According to Reverend Alan Rudnick there are some people who think that Halloween is an evil day. But it started as a Christian day to prepare for all Saints Day (November 1) the term Halloween from its beginning had nothing to do with any pagan or evil beliefs. The Christian festival All Hallows Eve morphed into our current word Halloween.
Professor of philosophy at the Christian Biola University John Mark Reynolds helps us understand how Christians can reject the evil undertones of Halloween. Christians have the right to reject (the pagan) interpretation. (Same as the pagan holiday-Christmas) My Neighbors celebration of Halloween as a pagan festival does not require me to lose All Hallows Eve because of course, it is an actual historical memory of what Halloween is.
The day after All Hallows Eve November 1st Christians celebrate the lives of the greatest of the faithful who have died and gone to God. On All Hallows Eve, the fact that we will all die is brought home to us. We do not fear death but rejoice, in the victory of Christ over death. The costumes and Joy poke fun at the diabolic, they do not embrace it. Thomas More said that the Devil can’t stand to be mocked, by spending the night of October 31 filled with fear over evil we live in the fear that Satan wants us to live in. By Laughing mocking even cartooning evil with goofy costumes, we can take the posture of triumph with Christ.
The tradition of going door to door receiving food already existed in Great Britain and Ireland in the form of “souling” where children and the poor would sing and say prayers for the dead in return for cakes. Children disguised in costumes going door to door for food and coins also predates trick or treat and is recorded in Scotland at Halloween in 1895, where masqueraders in disguise carrying lanterns made out of turnips visit home to be rewarded with cake, fruit, and money.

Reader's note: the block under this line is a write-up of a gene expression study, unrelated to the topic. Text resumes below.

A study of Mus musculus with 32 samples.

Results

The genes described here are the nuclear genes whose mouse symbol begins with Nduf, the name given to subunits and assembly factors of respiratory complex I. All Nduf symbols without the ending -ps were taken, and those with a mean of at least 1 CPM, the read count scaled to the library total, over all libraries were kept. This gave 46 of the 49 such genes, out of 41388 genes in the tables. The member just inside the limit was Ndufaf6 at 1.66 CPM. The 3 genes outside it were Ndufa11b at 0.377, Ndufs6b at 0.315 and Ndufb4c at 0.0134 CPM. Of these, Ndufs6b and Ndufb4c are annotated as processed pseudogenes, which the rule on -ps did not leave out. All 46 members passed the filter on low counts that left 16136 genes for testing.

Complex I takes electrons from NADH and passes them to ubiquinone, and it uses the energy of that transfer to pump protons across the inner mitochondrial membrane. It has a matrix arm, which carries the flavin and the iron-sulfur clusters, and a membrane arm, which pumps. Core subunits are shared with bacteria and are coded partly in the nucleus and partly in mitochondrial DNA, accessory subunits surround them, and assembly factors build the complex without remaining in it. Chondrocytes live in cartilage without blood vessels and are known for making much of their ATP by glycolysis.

Carving pumpkins originated with Irish children who first carved out the centers of rutabagas, turnips, and potatoes and placed candles in them.
Halloween was first celebrated in the US in 1840’s when Irish Catholics fleeing from the potato famine brought Halloween customs with them to America.
Christians need to take back the holiday and use it as an opportunity to spread the love of Jesus and the message that we need not fear death and evil because Jesus defeated it by his death and resurrection. And this Halloween as we light our candles in our pumpkins or turnips that we remember that we are to go out and be a light to the world for Jesus.
I know this All Hallows Eve and All Saints day I will be celebrating my daughter Joran’s life, http://www.hopeforjoran.org, and that she was a faithful believer in Jesus Christ and has gone to God as well as other family members will be remembered. And along with my fall Pumpkins and wreaths, I will be putting out a cross with her name on it, as a symbol that because Christ overcame death on the cross and she accepted Jesus as her savior and she has eternity in heaven.
Happy Halloween and All Saints Day!
Katheryn De Wolfe- Walker
Katheryn is a designer, photographer, artist and writer and lives in sunny Florida. She can be contacted at Dewolfeinteriors.com, email@example.com, Like us on Facebook, follow us on Instagram or call us at 561-364-0074 for a consultation.